Op-Ed: Idaho wolf/coyote killing derby wants double the area for hunt

Posted Sep 29, 2014 by Karen Graham
Salmon, Idaho may be a small town by anyone's standards, with a little over 3,000 people, but they have big ideas. Located in the middle of the state along the banks of the Salmon River, it is famous for fishing, rafting, and now, wolf hunting.
According to the description on the video   These are a few of the true conservationists who take th...
According to the description on the video, "These are a few of the true conservationists who take the time to manage predators."
Screen grab
Last year, Salmon, Idaho held their first annual Predator Derby on December 28-29. The news of the derby was condemned by people all over the world. Threatening letters and emails poured in, many with threats of bodily harm. But one Salmon resident, Billijo Beck defended the hunt, saying it was just the way they lived. "If you look up the definition of murder, it's defined in human terms. Not in animal terms,” said Beck.
After winning a court challenge allowing them to hold their hunt last year, the group is holding their 2nd Annual Predator Derby on Jan. 2-3. 2015. There is one difference though. They want to expand the killing zone to almost double the size it was last year. They have petitioned the U.S. Bureau of Land Management (BLM) for approval.
Today the BLM said they would issue an environmental analysis on Thursday, and then take public comment for 15 days before issuing an answer. The contested area involves around 1,500 square miles. Environmental groups are saying they will protest the permit.
The group behind the killing derby, Idaho for Wildlife, is the same group that hosted the derby last year. At that derby, a number of activists and a journalist, Christopher Ketcham infiltrated the hunt. Ketcham wrote a scathing story, "How to kill a wolf," for Vice. In the story, Ketcham describes a "good old boy" local who bought his group a round of drinks at a local bar. Cal Black then told the "supposed hunters" to “Gut-shoot every goddamn last one of them wolves."
For those of you who wonder why a gut-shot is recommended, it's the best way to kill a wolf, but the death is prolonged. Sick, yes. But that's what these guys like to do. The only thing killed last year, besides a lot of hot air and liquor, was 21 coyotes, but no wolves. No one claimed the $1,000 prize.
Idaho for Wildlife is a supposedly patriotic organization, wrapped in the flag and espousing American ideals. Dedicated to the preservation of Idaho's wildlife.The group also states they will "fight against all legal and legislative attempts by animal-rights and anti-gun organizations who are attempting to take away our rights and freedoms under the Constitution of the United States of America."
Interestingly, the group says they believe that wildlife management should be governed by science. This leads to the obvious question: How many cattle are actually killed by wolves? This seems to be the main reason hunters in Idaho are so emphatic about being allowed to hunt wolves. Science does have answers to the question of cattle deaths, and Idaho for Wildlife may not be too happy with what science has to say.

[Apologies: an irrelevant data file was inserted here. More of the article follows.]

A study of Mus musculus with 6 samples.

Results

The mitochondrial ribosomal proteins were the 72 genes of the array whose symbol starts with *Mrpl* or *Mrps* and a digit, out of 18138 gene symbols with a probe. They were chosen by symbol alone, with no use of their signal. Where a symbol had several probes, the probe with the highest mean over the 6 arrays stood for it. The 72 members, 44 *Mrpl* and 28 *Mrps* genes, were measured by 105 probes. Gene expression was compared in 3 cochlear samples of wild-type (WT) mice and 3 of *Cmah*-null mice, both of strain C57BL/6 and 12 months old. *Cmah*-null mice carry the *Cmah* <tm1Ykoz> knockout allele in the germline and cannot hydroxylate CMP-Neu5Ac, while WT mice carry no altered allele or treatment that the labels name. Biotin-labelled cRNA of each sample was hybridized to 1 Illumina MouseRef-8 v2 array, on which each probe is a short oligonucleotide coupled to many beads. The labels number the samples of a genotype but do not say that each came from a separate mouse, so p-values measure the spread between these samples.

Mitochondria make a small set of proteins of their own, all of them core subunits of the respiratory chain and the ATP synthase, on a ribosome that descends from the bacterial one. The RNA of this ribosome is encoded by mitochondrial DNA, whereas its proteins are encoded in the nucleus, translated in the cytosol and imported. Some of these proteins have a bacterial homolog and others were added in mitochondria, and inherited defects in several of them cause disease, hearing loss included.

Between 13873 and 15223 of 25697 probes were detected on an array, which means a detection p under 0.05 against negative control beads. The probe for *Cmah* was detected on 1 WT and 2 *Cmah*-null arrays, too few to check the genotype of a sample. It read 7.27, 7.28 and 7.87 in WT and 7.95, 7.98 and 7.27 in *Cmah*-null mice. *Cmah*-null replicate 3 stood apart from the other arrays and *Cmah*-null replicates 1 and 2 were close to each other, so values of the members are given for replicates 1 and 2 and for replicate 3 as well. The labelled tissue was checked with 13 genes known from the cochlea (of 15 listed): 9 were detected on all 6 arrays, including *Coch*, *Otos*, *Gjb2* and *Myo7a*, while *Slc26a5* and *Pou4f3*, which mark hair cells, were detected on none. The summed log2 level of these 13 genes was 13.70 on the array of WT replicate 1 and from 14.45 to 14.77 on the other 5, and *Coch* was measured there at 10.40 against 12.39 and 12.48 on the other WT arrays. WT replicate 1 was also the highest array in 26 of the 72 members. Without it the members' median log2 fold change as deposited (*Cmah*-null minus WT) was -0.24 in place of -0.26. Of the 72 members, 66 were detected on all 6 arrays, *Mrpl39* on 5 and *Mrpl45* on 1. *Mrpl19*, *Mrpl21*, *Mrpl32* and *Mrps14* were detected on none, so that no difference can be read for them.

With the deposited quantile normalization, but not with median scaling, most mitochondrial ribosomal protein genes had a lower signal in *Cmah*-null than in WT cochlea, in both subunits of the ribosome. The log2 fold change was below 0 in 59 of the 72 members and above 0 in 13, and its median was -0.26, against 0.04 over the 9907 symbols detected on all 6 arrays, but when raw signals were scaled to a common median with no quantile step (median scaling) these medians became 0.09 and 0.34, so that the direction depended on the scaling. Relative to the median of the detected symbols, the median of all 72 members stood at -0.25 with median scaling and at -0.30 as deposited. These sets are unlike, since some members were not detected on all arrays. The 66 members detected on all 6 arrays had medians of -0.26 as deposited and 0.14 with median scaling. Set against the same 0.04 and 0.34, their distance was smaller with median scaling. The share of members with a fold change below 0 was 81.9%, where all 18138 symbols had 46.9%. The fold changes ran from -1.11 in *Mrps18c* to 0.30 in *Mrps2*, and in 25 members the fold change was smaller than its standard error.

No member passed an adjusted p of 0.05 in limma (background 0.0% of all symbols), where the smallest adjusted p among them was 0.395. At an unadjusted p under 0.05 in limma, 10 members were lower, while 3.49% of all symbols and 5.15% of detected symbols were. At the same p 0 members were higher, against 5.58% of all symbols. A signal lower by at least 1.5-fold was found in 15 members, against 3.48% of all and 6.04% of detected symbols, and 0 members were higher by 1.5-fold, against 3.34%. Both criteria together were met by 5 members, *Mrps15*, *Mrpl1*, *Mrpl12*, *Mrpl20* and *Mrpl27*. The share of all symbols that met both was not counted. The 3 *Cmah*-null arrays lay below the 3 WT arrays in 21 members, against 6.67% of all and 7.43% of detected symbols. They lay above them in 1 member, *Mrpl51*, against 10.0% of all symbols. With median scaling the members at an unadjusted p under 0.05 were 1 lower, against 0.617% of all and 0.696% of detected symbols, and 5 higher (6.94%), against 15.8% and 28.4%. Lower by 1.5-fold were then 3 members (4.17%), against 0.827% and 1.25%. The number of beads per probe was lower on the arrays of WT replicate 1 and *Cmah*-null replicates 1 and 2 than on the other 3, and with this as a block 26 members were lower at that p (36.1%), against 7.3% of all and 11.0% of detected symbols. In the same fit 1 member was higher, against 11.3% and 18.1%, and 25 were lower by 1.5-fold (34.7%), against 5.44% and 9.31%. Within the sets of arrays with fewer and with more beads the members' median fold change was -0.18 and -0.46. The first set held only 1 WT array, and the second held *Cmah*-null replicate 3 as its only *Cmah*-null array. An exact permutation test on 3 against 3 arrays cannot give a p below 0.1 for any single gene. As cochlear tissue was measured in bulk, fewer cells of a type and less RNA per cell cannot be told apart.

According to the group, Wildlife Guardians, one of the biggest myths associated with cattle is that predators are responsible for high numbers of cattle deaths. The facts speak for themselves. The number of deaths due to wolves and dogs was less than a quarter of one-percent in 2010.
Wildlife Guardians used statistics from federal government sources in compiling their data, and they found that the real killer of cattle in the whole of the U.S. is weather and illnesses. This group claims that the livestock predation myth is a lie being perpetrated on the American public by the USDA-Wildlife Services. Interesting thought, no?
Every five years the National Agricultural Statistics Service (NASS), an arm of the USDA publishes a cattle inventory and list of losses. The last report, in May of 2011 showed that in 2010, cattle inventory in the U.S. dipped to 94 million. head, down from 104.5 million in 2005. The NASS report showed: "The top five killers of cattle are respiratory problems (over one million); digestive problems (505,000); complications while calving (494,000); weather (489,000); and “unknown” non-predator causes (435,000). Non-predator cattle losses totaled nearly four million cattle. Respiratory, digestive, and calving problems and weather issued caused 64% of all cattle mortality."
Unintended cattle losses by rank.
Data from NASS  2011
Unintended cattle losses by rank. Data from NASS, 2011
2010 cattle predation by species
Data from NASS  2011.
2010 cattle predation by species Data from NASS, 2011.
According to the NASS, cattle predators included the following: coyotes, cougars, bobcats, lynx, dogs, wolves, vultures, bears and "others." Only 220,000 or 0.23 percent of the total cattle losses could be attributed to "predators," and that includes wolves. Wolves killed 8,100 cattle, while pumas, bobcats, and lynx killed 18,900 cattle.
So what is the real reason behind the thirst for killing wolves? It has to be more than just a minuscule number of cattle deaths. If science is supposed to speak loudly enough to be heard by the Idaho for Wildlife group, then why aren't they listening?